BEIRUT (AP) — The World Bank has approved a $150 million subsidized loan for food security in crisis-ridden Lebanon to stabilize bread prices over the next few months, the economy minister said Monday.
Amin Salam told reporters that the loan had a very low interest rate, but the minister did not make the rate public. He used the term subsidized loan indicating an interest rate below the market rate.
The loan will bring great relief thanks to the stability of bread prices in Lebanon during the country’s historic economic crisis.
There were fears the government could lift subsidies on wheat as foreign exchange reserves fall to critical levels at the central bank. Any lifting of subsidies would sharply increase the price of bread, hurting the poor in the Mediterranean nation where more than three-quarters of its 6 million people, including 1 million Syrian refugees, now live in poverty.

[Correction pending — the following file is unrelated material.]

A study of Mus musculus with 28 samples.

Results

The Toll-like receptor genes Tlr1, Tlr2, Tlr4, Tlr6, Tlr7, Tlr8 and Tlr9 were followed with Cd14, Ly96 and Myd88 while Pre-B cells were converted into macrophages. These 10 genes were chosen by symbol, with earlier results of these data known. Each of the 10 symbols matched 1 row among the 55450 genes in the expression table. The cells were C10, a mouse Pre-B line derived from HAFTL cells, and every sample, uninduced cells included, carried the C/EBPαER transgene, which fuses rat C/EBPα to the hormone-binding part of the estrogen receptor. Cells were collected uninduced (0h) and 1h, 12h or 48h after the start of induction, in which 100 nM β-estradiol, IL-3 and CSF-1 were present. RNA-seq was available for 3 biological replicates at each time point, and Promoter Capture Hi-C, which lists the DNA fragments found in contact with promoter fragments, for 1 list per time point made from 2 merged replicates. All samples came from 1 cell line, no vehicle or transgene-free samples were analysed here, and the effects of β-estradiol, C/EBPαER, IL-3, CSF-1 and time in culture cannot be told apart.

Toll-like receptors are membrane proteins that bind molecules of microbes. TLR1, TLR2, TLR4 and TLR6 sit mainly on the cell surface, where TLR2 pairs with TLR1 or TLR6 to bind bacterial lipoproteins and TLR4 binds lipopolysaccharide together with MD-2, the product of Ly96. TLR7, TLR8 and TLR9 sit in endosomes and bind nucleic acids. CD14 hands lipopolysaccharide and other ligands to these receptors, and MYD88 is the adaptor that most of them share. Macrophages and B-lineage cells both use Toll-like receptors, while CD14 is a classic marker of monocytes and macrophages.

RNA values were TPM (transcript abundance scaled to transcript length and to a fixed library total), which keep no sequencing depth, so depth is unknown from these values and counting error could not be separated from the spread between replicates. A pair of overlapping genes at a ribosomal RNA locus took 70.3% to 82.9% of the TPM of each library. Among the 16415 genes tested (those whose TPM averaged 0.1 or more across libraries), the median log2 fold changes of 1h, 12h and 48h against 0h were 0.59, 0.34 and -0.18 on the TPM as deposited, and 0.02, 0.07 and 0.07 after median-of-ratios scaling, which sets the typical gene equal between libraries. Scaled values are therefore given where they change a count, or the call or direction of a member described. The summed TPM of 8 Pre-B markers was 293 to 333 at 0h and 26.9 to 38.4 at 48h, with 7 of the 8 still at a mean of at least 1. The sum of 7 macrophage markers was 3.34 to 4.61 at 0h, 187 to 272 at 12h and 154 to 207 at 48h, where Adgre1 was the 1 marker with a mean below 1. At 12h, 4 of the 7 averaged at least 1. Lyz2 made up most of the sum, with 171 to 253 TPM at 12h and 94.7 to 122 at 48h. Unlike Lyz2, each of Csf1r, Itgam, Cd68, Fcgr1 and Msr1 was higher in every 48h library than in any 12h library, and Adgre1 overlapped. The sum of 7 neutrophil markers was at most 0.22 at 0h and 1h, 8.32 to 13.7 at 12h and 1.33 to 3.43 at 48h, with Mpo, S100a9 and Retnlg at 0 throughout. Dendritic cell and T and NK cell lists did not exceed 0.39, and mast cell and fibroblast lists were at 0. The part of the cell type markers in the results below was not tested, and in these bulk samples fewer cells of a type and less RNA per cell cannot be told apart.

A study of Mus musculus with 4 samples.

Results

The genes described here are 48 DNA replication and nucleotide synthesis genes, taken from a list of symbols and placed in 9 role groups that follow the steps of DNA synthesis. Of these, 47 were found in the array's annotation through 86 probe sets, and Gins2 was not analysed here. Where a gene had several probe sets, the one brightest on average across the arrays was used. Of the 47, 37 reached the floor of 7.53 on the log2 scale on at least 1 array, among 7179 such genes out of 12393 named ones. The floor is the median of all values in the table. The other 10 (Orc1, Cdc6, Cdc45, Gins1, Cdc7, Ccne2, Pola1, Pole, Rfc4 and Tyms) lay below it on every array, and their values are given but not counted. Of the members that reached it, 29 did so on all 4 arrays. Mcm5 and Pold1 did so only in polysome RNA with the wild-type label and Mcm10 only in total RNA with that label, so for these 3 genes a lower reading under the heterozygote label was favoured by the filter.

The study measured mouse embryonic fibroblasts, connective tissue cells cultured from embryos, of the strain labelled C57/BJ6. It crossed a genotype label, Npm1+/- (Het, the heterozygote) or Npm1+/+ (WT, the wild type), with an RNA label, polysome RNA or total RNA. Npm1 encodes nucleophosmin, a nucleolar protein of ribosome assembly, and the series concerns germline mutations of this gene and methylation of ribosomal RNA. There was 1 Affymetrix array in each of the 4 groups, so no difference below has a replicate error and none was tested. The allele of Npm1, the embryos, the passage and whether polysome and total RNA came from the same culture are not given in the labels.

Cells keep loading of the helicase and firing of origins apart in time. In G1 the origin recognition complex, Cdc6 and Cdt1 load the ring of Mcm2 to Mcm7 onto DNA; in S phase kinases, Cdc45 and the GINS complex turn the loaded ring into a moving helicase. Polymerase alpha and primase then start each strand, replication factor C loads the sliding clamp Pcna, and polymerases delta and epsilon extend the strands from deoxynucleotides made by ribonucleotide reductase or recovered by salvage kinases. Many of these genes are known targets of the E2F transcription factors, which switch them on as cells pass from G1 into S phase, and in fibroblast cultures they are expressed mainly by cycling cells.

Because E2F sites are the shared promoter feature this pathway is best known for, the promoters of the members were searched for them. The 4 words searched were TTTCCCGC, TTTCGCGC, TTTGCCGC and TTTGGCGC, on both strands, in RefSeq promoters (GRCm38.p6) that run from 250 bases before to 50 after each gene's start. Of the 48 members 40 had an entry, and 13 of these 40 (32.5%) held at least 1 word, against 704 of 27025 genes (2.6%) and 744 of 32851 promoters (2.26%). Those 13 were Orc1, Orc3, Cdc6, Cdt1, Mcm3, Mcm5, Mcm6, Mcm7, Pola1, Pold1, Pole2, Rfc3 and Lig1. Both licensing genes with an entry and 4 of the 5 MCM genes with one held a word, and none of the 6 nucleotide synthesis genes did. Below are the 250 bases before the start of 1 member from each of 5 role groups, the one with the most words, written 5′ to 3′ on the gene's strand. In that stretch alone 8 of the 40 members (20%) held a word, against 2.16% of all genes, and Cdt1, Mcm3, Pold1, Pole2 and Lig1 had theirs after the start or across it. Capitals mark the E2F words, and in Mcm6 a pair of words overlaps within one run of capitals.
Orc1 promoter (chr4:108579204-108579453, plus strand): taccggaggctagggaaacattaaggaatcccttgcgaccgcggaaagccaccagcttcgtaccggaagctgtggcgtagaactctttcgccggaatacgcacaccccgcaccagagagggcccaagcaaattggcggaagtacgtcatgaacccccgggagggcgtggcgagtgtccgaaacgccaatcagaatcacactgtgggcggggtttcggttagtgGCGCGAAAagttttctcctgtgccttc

The small Mediterranean nation is in the grip of a devastating economic crisis that has been described by the World Bank as one of the worst in modern history. It imports most of its wheat and has faced shortages in recent weeks as war in Ukraine drives up oil and food prices around the world.
Salam said the loan comes at a time “when we cannot bear any instability of the influx of wheat”, adding that the bread will now be available in the coming month.
Salam said last month that the government had no immediate plans to lift bread subsidies, especially for the flour used in making Arabic flatbread, Lebanon’s main staple.
He said the war in Ukraine is forcing Lebanon to find new sources of wheat that are far away and more expensive.